How The Food Industry Relies On Scientists With Big Tobacco Ties
This story is excerpted from an investigation by the Center for Public Integrity, a nonpartisan, nonprofit investigative news organization.
The food industry regularly turns to a small group of scientists — including several with ties to Big Tobacco — to determine whether additives it is adding to food products are safe. And these relationships often allow food companies to avoid a rigorous pre-market government safety review, according to a Center for Public Integrity review of publicly available data.
Critics of the system that ushers new food products to market say it is rife with conflicts of interest. When scientists depend on the food industry for income, they may be less likely to contest the safety of ingredients companies hope to market.
"These are standing [scientific] panels of industry-hired guns," says Laura MacCleery, an attorney for the Center for Science in the Public Interest. "It is funding bias on steroids."
A 1958 law allows companies seeking to market new ingredients to avoid an extensive safety review led by the U.S. Food and Drug Administration if they can establish that their additives are "generally recognized as safe," or GRAS. In practice, that means companies must demonstrate that there is a consensus among scientific experts that their ingredients are safe.
To do so, they usually convene a panel of scientists to review published and unpublished safety data. Of 562 publicly available GRAS determinations voluntarily submitted to the FDA since 1998, the center analysis found that companies used such panels two-thirds of the time.
These panels, typically composed of three members, are meant to represent the scientific community at large. And they have great power because their decision is the final word on the use of the ingredient. Once the panel deems a new additive as GRAS, it can go into an array of foods that end up on supermarket shelves, with no notice to or review by the FDA.
Critics say that gives food companies an incentive to turn to experts they believe will look kindly upon their ingredients and gives scientists incentive to do so.
"If I know that my paycheck is coming from a specific source, and I've been doing that for years and years, and that is what feeds me and my family, it becomes really difficult for me to be totally independent of the hand that is feeding me," says Erik Olson, senior strategic director for health and food at the Natural Resources Defense Council.
Many scientific consultants dispute accusations that they are conflicted, arguing instead that they are the most qualified and most experienced scientists for the job.
"If you're good at something, of course you're going to be in demand," says Joseph Borzelleca, who has appeared on 41 percent of the panels convened in the past 17 years — three times as many as the next most hired expert.
Borzelleca and other scientists say their reviews are thorough and that the GRAS process ensures the safety of food additives.
"As long as you adhere to science-based review," says John Thomas, a scientific consultant, "then I don't think there's a better peer-reviewed process in place."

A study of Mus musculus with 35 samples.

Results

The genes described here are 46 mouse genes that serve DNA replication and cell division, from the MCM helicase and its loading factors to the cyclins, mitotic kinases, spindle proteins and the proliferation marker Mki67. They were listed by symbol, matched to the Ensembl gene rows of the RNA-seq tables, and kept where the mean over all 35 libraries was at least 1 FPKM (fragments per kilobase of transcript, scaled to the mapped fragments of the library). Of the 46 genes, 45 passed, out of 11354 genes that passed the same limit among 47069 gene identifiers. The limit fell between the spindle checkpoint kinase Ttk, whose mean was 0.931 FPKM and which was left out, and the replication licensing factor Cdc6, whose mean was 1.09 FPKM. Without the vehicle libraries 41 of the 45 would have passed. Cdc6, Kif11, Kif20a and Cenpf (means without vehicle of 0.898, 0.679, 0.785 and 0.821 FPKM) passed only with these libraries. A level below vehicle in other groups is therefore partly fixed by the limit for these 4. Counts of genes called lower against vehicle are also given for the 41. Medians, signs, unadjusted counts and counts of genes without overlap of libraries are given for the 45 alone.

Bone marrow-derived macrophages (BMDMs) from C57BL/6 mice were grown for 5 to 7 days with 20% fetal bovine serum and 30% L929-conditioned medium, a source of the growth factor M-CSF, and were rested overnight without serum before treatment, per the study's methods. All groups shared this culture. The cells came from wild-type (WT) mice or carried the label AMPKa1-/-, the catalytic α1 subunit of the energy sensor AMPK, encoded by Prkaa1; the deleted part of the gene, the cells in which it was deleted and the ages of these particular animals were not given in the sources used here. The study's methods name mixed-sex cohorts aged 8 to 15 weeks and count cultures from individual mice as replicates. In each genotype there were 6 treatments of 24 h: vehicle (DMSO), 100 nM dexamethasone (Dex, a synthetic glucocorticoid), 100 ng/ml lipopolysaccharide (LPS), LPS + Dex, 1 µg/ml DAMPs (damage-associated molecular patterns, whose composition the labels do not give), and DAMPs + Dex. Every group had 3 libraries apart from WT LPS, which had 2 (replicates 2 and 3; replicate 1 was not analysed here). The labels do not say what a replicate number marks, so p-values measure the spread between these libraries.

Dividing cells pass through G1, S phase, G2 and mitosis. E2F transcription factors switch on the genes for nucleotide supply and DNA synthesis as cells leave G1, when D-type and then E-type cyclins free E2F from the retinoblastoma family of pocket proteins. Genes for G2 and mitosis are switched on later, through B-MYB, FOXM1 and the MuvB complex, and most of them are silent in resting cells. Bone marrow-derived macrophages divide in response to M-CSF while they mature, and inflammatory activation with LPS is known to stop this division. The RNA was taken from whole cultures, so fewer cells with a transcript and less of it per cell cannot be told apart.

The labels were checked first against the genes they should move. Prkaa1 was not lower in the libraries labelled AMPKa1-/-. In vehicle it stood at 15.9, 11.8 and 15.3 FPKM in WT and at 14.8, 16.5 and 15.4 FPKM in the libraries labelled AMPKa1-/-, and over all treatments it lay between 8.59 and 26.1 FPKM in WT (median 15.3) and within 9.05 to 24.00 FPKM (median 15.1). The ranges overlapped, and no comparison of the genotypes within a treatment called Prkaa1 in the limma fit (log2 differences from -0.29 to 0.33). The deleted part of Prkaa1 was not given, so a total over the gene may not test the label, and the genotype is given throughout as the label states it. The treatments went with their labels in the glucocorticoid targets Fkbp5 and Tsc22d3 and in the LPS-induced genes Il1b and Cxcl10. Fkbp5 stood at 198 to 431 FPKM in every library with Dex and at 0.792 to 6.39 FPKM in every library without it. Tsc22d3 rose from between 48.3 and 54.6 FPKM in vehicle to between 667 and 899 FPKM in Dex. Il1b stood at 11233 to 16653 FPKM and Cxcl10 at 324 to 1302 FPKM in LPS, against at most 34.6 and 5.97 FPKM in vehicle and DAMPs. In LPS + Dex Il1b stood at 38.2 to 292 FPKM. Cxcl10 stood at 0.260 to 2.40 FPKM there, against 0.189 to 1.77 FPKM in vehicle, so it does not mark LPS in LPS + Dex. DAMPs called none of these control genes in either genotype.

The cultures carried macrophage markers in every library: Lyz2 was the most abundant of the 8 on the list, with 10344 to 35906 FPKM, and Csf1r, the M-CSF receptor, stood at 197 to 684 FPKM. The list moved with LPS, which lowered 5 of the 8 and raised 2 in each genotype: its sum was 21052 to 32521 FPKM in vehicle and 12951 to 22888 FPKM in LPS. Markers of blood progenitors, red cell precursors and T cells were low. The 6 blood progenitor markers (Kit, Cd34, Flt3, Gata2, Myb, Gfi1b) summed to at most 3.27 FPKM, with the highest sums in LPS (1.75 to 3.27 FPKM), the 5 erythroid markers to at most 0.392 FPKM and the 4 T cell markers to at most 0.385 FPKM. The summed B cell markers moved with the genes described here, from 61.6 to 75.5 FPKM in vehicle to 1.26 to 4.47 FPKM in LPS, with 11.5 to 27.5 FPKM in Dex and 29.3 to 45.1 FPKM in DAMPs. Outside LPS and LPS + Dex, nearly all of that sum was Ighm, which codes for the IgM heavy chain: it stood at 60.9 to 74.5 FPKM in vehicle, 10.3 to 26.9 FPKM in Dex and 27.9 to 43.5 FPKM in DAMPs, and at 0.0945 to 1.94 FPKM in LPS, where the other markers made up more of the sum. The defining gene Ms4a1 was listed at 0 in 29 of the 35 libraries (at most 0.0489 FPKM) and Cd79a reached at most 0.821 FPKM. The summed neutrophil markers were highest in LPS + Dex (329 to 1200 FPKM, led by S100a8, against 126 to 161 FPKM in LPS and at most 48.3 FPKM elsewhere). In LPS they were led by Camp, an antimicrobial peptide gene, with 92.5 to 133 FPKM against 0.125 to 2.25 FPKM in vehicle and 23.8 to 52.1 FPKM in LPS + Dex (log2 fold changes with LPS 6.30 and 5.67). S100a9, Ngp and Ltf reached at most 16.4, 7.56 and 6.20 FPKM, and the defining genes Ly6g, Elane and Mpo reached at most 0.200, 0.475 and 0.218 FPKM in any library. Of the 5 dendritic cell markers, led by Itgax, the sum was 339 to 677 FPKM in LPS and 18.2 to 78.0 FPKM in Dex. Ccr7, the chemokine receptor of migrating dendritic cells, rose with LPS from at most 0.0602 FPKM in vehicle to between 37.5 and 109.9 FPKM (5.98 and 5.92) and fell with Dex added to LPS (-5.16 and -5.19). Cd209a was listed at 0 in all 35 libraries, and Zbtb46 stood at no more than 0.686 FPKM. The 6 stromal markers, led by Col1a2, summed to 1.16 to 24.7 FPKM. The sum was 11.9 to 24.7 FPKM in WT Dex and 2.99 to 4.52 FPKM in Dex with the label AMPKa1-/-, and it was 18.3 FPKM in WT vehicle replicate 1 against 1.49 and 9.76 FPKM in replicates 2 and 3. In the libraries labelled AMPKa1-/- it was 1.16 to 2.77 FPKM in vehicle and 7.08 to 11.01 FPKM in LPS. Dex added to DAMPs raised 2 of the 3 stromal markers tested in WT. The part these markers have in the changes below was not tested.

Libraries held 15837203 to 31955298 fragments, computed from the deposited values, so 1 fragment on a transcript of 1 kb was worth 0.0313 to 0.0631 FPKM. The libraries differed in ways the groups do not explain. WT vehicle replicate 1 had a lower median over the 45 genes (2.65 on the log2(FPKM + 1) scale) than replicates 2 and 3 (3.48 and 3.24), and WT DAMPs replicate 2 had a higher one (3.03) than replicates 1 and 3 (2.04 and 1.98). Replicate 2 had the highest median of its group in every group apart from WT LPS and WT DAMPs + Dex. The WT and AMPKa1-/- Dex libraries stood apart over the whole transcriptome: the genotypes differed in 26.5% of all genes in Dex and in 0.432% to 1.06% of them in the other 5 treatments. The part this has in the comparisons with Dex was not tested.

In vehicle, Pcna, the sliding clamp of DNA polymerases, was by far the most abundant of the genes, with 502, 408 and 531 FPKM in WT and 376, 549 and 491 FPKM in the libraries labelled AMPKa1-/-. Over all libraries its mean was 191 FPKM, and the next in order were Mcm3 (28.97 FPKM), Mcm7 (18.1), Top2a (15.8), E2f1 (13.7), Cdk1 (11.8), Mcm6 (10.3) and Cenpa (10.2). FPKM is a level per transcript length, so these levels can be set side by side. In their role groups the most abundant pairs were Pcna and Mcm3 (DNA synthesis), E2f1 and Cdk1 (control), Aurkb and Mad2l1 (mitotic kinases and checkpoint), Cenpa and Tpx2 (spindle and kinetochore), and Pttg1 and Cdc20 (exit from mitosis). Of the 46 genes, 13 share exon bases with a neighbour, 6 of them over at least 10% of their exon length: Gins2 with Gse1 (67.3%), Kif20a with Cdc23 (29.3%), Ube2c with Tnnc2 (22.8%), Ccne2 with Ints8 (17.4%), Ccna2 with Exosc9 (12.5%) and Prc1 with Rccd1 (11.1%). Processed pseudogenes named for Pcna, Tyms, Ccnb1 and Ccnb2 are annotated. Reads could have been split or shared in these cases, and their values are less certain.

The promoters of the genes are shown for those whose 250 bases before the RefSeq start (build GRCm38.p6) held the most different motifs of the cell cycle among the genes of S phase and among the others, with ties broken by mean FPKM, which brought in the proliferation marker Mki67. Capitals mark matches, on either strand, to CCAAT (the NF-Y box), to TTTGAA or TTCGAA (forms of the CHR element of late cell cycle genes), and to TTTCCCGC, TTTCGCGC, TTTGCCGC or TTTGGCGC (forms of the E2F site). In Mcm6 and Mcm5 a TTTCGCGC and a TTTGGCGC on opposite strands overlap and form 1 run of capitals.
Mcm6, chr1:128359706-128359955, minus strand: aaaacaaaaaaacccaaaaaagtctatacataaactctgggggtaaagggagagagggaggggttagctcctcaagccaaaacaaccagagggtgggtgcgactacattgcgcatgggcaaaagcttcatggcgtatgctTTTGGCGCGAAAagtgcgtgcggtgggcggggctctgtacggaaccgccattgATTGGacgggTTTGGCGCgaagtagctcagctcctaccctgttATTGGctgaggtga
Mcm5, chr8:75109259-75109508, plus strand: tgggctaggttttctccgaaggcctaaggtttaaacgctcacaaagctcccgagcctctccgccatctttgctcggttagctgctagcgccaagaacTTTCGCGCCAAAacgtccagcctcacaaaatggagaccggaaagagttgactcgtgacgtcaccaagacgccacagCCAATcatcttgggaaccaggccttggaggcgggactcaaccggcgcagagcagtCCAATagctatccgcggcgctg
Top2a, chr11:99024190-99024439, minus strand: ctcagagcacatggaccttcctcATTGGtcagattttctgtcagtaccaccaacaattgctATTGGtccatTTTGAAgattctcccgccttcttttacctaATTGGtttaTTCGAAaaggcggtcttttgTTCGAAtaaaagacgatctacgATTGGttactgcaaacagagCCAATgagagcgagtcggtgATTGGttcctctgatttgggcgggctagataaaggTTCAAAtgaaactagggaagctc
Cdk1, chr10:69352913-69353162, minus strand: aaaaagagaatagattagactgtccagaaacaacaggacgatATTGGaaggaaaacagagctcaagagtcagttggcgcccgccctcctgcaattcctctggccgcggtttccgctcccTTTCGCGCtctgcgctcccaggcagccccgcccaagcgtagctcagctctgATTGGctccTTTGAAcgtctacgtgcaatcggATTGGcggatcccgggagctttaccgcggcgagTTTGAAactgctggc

The world of GRAS panelists is a small one. A Center for Public Integrity analysis found that the top 10 most frequently hired panelists have each sat on two dozen or more panels. Oftentimes, the same team of experts serves on panels together.
"There's a reason you keep going back to the same people, and that's because these are people with sterling reputations, impeccable credentials and they know what they're doing," says James Heimbach, who has convened GRAS panels for decades.
But "the fact that there's ... repetition and there's familiarity ... could potentially breed a conflict," adds Steve Morris, acting director of natural resources and environment for the Government Accountability Office, which published a report in 2010 that cited financial conflicts of interest in the GRAS system as a concern.
The center's analysis very likely captures only a fraction of all expert panels convened to establish the GRAS status of additives. That's because companies can make safety evaluations in secret without ever telling the FDA.
Companies are allowed to hire a single consultant to sign off on safety determinations or rely on the judgment of their own experts — and did so about a third of the time.
The center identified at least 10 GRAS panelists — including four of the most frequently hired experts — who have in the past had ties to the tobacco industry, according to a review of tobacco industry documents archived by the University of California, San Francisco. Two of the 10 scientists were once full-time employees of big tobacco companies.
Some of these panelists said that their work for the tobacco industry was limited to evaluating the safety of cigarette additives or newly developed cigarette products that tobacco companies thought would be less dangerous. They stressed that they did not defend the safety of cigarettes in general.
Borzelleca's work for the tobacco industry dates at least to the early 1980s.
An RJ Reynolds memo from 1984 notes that Borzelleca "has been secured by the tobacco industry to represent our position" during discussions with the Department of Health and Human Services about cigarette additives.
Two years later, the company envisioned Borzelleca as its "main spokesman" if a list of cigarette additives submitted to HHS were to be leaked to the press and "there is sustained and intense media coverage of ingredients issues," according to a confidential memo regarding the tobacco industry's "public relations strategy."
"My advice to the tobacco industry was that the GRAS substances they were using are safe when ingested," Borzelleca wrote in an emailed response to center questions, "but I could not comment on their effects when they were subjected to the high temperatures of a lighted cigarette, a position that I still have."